Women's hockey on NHL's radar

LANCE HORNBY, QMI Agency

, Last Updated: 8:00 AM ET

They've lived next door for decades, yet rarely exchange more than a quick hello.

But the National Hockey League and the leaders of women's hockey in North America have a neighbourhood improvement plan.

Culminating months of informal meetings since the Vancouver Olympics, a group of influential people on both sides huddled prior to the start of the Molson Canadian Hockey Summit. The league heard a long-awaited framework for a business plan for a high profile women's professional league that it will assist.

"We talked about what we can do to facilitate their efforts," NHL deputy commissioner Bill Daly said Thursday. "We talked in general concepts."

Both sides agree an NHL version of the WNBA is a stretch at this point. But with part of Thursday's summit keying on lack of opportunity for women to play after college, little growth in Europe and so few role models, there must be a step up. Locally, the five-team Canadian Women's Hockey League now operating in the GTA, Montreal and Boston is the only option.

"They (NHL) won't jump into anything that is not a viable business opportunity," said Team Canada captain Hayley Wickenheiser, who was at the meeting. "But I said look at it more from the sponsorship and investment view for the first few years. There's a responsibility to grow the game so that it ultimately helps (the NHL). I think they see the women's side as something they want to invest in.

"We could see something for this year in terms of an investment. Is (a league) viable right now? No. But it can be, and now is the time to try."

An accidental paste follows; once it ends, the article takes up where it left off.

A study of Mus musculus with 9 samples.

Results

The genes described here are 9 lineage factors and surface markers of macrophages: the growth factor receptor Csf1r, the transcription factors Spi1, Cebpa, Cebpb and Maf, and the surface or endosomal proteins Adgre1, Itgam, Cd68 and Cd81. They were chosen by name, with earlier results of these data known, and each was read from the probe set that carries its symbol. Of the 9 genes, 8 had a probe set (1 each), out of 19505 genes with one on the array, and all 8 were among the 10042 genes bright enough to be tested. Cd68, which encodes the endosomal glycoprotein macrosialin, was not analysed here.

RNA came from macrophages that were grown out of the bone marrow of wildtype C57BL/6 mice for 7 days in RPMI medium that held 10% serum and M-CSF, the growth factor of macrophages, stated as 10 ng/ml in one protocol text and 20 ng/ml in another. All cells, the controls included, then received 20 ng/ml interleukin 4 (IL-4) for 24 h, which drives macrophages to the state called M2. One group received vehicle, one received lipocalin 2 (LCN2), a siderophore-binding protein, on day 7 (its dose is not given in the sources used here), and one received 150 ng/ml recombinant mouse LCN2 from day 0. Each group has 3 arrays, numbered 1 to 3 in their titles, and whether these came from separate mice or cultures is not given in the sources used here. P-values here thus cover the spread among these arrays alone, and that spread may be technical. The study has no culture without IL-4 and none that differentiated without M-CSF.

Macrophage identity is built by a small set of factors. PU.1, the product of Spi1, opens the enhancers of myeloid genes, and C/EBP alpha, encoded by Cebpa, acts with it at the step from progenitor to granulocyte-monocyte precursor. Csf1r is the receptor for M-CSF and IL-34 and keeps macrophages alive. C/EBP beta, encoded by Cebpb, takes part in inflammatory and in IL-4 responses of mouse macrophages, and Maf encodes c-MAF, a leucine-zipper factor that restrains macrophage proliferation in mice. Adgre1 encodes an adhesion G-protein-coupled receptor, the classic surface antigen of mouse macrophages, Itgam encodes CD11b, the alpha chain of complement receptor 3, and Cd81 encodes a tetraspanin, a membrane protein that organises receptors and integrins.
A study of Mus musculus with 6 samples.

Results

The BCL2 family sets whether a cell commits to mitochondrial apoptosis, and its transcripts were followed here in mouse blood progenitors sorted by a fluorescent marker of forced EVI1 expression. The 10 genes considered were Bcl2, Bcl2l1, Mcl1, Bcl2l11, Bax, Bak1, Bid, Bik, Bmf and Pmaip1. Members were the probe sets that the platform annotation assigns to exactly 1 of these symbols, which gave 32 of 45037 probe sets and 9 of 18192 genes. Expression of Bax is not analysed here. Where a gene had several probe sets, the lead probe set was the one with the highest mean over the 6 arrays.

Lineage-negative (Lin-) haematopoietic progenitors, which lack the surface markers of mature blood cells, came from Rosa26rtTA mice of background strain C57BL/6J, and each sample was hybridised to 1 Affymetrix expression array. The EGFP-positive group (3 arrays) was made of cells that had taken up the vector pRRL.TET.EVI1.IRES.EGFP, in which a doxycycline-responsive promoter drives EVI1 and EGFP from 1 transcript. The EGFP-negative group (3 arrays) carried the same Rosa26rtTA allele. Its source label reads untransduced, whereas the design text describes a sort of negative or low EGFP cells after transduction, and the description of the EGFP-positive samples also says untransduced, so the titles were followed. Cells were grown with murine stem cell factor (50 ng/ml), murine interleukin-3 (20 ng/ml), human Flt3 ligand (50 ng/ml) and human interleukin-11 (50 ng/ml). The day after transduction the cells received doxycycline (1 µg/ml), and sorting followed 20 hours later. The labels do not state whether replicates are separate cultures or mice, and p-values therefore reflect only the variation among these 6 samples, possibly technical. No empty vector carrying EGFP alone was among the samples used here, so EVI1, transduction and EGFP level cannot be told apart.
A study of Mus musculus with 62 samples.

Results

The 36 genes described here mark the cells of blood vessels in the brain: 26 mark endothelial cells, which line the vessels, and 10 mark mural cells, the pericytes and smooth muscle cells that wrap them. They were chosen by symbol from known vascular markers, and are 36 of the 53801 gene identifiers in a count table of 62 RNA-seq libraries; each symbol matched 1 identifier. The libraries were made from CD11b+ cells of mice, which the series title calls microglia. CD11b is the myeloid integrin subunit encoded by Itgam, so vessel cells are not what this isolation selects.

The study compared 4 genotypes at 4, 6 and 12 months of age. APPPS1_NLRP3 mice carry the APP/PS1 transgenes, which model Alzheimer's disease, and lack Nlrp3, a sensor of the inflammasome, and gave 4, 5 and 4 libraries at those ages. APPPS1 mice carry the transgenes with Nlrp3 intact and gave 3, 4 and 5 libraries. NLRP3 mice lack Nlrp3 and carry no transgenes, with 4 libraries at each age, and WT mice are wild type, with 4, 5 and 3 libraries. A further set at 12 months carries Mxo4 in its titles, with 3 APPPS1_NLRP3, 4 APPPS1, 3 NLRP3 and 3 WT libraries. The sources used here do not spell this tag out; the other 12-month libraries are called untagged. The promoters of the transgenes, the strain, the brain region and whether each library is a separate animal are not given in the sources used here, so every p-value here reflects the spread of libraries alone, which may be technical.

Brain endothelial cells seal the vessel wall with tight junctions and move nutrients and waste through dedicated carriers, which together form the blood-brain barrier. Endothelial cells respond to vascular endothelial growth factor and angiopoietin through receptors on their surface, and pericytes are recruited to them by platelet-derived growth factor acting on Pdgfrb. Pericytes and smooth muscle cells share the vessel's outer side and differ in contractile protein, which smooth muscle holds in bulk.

In a separate initiative, Maple Leaf Sports and Entertainment Ltd. is promising to give GTA women's hockey more assistance.

"No sport in the world has improved more in the past dozen years," said Leafs president Brian Burke. "We have to have gender equality. I had an e-mail from (MLSEL president and CEO) Richard Peddie this morning asking how we could support this and put our resources behind it. It could be money, it could be ice time at the MasterCard Centre, we'll see."

Throughout North America, thousands of girls and women play hockey, a tremendous opportunity for the right marketing approach. There is also glamour aspect at present with Team USA's Angela Ruggiero, author and recent contestant on the TV show The Apprentice.

"I've gained a ton of exposure through the Apprentice, through Twitter, anyway you can reach your fans," she said.

"I think it's a great sport for social change. It can start with as little as a poster of a player at the rink. It's an opportunity for women to have more personal freedoms."

But most of the summit participants say it's a ways to go to change misconceptions on the calibre of the women's game. Team Canada coach Mel Davidson was at a recent social function where an over-served male fan berated her that women should stay on the other side of the plexiglass.

"Women's hockey is pure hockey and as physical as you could get without laying someone's head on the ice," said Davidson. "I talk to the old NHLers and they love it because the girls are playing for the passion, not million-dollar contracts. I look around on the bench our crowds and I see mothers, fathers, grandpas, grandmas...and it's an affordable product."

Players and coaches on Thursday bristled at a comparison of their game to male Midget triple-A level, claiming Major Junior is a more accurate measurement.

"I can physically play with a lot of the guys, but not every women can," Ruggiero said. "Our average is probably 5-foot-6, 150 pounds, in the NHL it's 190 and 6-1. That's not to say that the level itself can't improve. If we had 82 games as they do, of course we'd get better."

A better women's league here might attract the best players in Europe, thus bringing up the world standard at a time when lopsided scores and Canadian-American gold medal finals are becoming too common, endangering the women's Olympic status after 2014 in Sochi, Russia.

Our product has to be better in Sochi and after Sochi," Davidson said. "We have to have the (registration) numbers.

A women's league will help our top numbers and our top numbers will provide our role models for younger players. We have to get in the trenches."